NEW DELHI: India may have moved closer to the much-awaited goods & services tax (GST) with the government and Opposition finding some common ground on crucial elements of the proposed levy. This follows PM Narendra Modi and the ruling Bharatiya Janata Party reaching out to Congress in the search for a compromise to break the stalemate on GST. The government is likely to concede the Congress demand to do away with the 1% tax on interstate sales, which was proposed to compensate manufacturing states such as Maharashtra, Gujarat and Tamil Nadu that fear loss of revenue in the new indirect tax regime. Government sources, however, indicated that capping the GST rate in the Constitution — as demanded by Congress — is not acceptable.
Though the Centre is not willing to cap the GST rate in the Constitution, government sources said alternatives such as including it in the law related to this could be looked at. Chief Economic Adviser Arvind Subramanian is likely to submit the report on a revenue-neutral rate for GST on Friday. This will provide a crucial input to the GST Council in setting rates. The government, however, is keen to keep rates reasonable so that any inflationary impact of the tax is contained. The Modi administration is also keen to take all stakeholders on board and will not go ahead without that, sources said. For its part, Congress is unlikely to press for changes in the composition of the GST Council and go with what the Centre has proposed in the constitution amendment Bill that’s needed to allow states to tax services and the Centre to tax goods at the retail stage.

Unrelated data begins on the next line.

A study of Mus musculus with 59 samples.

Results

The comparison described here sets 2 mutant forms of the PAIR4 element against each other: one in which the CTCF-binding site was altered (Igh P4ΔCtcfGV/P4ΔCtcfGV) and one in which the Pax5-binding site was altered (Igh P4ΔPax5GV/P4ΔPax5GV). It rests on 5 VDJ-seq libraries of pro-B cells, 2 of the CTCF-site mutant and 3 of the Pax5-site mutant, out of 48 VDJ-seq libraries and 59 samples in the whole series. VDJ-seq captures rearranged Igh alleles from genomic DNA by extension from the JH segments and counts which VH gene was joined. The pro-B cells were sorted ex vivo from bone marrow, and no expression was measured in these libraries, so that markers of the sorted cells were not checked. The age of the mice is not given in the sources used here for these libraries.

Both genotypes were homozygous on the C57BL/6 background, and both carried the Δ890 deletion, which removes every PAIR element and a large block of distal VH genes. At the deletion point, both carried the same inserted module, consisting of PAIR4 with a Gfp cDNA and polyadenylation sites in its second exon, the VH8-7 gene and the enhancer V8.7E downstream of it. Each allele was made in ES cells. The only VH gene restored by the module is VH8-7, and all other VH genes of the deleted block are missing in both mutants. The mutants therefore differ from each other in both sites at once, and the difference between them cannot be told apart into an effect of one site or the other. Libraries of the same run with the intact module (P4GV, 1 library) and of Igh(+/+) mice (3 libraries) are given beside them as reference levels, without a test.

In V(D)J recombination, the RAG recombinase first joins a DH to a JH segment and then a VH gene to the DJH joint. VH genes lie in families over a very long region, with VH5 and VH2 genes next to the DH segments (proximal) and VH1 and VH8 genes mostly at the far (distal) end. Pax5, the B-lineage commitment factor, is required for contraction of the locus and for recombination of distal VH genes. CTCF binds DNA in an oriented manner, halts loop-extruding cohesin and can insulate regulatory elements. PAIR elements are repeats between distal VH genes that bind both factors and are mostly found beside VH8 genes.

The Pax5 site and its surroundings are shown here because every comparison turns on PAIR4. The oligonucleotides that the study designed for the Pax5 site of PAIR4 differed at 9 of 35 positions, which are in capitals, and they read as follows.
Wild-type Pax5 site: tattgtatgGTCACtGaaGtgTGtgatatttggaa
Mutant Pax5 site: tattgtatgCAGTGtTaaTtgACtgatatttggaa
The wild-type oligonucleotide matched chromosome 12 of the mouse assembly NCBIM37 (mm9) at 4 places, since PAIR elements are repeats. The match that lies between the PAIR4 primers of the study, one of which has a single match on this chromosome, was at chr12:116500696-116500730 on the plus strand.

The constitution amendment Bill will also lead to the creation of the GST Council. Congress had sought a three-fourths vote in the GST Council for states as opposed to two-thirds proposed now. The latter had in fact been finalised by the previous Congress-led United Progress Alliance government. “We also want a good GST… we are willing to take it up,” said a senior Congress leader, adding that the party had an open mind on its demand that the rate be provided in the constitution amendment Bill .
The government is open to the idea of including the cap in the GST law, which can be more easily changed than the Constitution.
The proposed GST seeks to replace excise duty, service tax, value-added tax, entry tax and octroi with a single levy and create a unified national market in the country from April 1, 2016, a deadline that may be missed if Congress continues to oppose the Bill in the Upper House where the BJP-led National Democratic Alliance does not have the requisite numbers .
The government has awarded the contract to build and operate GST’s IT backbone to Infosys, reflecting its keenness to implement the tax reform by the deadline. GST, touted as the most comprehensive reform of indirect taxes since Independence, could lift the country’s GDP growth by 1-2 percentage points, it has been estimated.